This year marks the centenary birth of the virtuoso British textile designer. Here, Jason Mowen looks back at her phenomenal career.

IT COULD BE SAID THAT BRITISH MODERN was born in the summer of 1951 during the Festival of Britain, a grand ‘Best of ’ celebration staged by the Labour government to herald an end to the grim austerity of the postwar period. The Festival provided a much-needed platform to a new generation of British artists and designers; with its nucleus on London’s South Bank, specially erected buildings and installations such as the rocket-like Skylon enthralled eight million visitors who, for the first time in more than a decade, were given a glimpse into an optimistic future. Although conservative leader Winston Churchill — who considered the Festival nothing more than socialist propaganda — ordered the South Bank site levelled after it closed later that year, something had shifted in the collective consciousness of the British people: tired of looking back, they were sold on Modernism.

One of the most significant names to emerge from the Festival was textile designer, Lucienne Day. Born in 1917 to an affluent Anglo-Belgian family in Surrey, Day showed great artistic promise as a child and in 1937 won a place at the Royal College of Art, focussing on printed textiles. It was at a college dance in 1940 that she met her future husband, esteemed British furniture designer Robin Day. “I doubt very much, if I hadn’t met Robin, whether I would have gone on with the same determination,” she later remarked. “Robin has helped me follow my own ideas. He has provided a sort of ‘climate’, an atmosphere of originality and exploration.”

The Festival of Britain marked a major turning point in Lucienne Day’s career and like her husband, who designed the seating for the Royal Festival Hall (now Grade I listed and the only building from the South Bank site to survive) she took full advantage of the creative opportunities it offered to up-and-coming designers. Her early work for Cole & Son and John Line was showcased in the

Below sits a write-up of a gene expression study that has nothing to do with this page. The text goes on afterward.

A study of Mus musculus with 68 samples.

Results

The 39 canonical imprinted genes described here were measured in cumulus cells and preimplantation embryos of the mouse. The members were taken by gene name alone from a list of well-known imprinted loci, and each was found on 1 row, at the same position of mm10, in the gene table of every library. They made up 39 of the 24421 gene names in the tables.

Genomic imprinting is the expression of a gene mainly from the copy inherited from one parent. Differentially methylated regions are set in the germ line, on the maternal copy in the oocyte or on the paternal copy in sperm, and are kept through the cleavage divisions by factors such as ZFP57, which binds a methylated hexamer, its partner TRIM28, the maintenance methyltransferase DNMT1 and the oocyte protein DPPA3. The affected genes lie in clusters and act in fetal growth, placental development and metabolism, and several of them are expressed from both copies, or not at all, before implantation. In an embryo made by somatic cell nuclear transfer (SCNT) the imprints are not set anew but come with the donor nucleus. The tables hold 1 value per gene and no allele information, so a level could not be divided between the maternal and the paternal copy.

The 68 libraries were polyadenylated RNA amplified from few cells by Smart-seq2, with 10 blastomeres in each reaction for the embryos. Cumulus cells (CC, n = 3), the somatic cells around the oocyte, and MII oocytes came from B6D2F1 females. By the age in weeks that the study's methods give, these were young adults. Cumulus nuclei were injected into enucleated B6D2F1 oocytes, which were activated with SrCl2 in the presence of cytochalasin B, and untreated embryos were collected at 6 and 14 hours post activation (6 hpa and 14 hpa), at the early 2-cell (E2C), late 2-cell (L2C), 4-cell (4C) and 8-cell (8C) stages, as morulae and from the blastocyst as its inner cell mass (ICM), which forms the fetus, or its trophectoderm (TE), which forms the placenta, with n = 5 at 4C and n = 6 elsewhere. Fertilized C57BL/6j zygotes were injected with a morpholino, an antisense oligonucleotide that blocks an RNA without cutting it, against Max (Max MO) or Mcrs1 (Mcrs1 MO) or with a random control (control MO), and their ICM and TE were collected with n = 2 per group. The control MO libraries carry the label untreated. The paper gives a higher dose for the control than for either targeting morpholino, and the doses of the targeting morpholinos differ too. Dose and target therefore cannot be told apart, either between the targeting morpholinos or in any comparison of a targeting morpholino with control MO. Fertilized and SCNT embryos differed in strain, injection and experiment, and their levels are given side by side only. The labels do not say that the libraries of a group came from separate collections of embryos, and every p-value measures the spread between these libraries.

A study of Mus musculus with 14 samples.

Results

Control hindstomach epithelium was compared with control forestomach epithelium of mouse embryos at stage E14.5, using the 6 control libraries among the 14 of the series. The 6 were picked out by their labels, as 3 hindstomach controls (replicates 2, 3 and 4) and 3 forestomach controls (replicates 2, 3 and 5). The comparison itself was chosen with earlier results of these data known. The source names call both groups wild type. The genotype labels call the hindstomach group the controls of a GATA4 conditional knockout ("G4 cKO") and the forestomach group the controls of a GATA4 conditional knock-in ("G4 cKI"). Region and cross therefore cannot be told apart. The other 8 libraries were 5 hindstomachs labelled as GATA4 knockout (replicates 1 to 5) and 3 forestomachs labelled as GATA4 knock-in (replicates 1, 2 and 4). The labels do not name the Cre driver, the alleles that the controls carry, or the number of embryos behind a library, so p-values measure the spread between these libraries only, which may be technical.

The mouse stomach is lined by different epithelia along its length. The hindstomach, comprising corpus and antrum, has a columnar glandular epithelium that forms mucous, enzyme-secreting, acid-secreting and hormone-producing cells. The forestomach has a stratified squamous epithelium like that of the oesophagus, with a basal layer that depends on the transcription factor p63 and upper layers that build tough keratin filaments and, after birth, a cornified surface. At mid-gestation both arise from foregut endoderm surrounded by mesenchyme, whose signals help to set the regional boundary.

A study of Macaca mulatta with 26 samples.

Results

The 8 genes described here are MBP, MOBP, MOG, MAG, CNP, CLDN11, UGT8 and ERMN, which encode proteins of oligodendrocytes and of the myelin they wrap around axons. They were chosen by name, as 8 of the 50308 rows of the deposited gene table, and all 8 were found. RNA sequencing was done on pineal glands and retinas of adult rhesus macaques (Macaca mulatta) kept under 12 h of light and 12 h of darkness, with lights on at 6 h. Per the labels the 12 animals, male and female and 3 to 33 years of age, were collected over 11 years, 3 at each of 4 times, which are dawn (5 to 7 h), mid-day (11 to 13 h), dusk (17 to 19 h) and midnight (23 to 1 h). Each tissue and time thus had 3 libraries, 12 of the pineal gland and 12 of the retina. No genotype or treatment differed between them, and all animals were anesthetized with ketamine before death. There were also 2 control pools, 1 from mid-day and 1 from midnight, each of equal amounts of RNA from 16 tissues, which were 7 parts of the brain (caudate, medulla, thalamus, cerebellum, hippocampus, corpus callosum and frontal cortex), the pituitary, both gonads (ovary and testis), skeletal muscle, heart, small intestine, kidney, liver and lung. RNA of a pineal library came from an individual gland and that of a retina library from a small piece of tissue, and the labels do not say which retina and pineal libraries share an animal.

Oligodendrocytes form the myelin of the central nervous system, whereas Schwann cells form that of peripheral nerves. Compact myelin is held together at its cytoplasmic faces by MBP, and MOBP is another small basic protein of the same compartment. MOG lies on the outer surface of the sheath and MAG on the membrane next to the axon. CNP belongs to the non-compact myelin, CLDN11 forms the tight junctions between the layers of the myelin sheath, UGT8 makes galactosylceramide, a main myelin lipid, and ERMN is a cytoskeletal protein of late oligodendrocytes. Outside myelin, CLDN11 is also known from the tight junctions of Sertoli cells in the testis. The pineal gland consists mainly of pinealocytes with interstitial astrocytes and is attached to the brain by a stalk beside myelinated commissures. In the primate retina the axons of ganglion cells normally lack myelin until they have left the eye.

Homes and Gardens Pavilion, but it was Calyx, her breakthrough textile design for Heal’s that made the greatest impact. Drawing inspiration from artists Joan Miró and Paul Klee, Calyx was based on plant life (the word refers to the outer covering of a flower) but success at the Festival not only galvanised Day’s alliance with Heal’s (she would create 70 fabrics for the firm over the next two decades), it changed the course of British textile design. Most significantly, she and her husband were now regarded on equal footing as designers — an enormous accomplishment for a woman at that time.

Day’s designs would gradually become more linear throughout the 1950s and then larger and more architectural in the ’60s, as she made use of blocks, zigzags and stripes of colour. And while the designs themselves gave the impression of spontaneity, the process was long. “When I start a design I literally begin with a blank piece of paper,” she said. “Sometimes I sit in front of it for a long time. It isn’t an easy process.”

Alongside Heal’s, she also designed fashion and furnishing textiles for Edinburgh Weavers, John Lewis and Liberty; airplane interiors, alongside her husband, for BOAC (British Airways); and wallpaper, carpets and ceramics, for domestic and international manufacturers such as German company Rosenthal. And with the shifting sands of style, ever adapting, she stepped back from design in the ’70s to create magnificent, one-off ‘silk mosaic’ tapestries. This year is the centenary of Lucienne Day’s birth (she died in 2010, aged 93) and to celebrate her life and work, the Robin and Lucienne Day Foundation has organised a year-long programme of exhibitions and events at such creative institutions as the Whitworth Art Gallery in Manchester and the Glasgow School of Art. It is a fitting tribute to this rare and talented designer’s great legacy.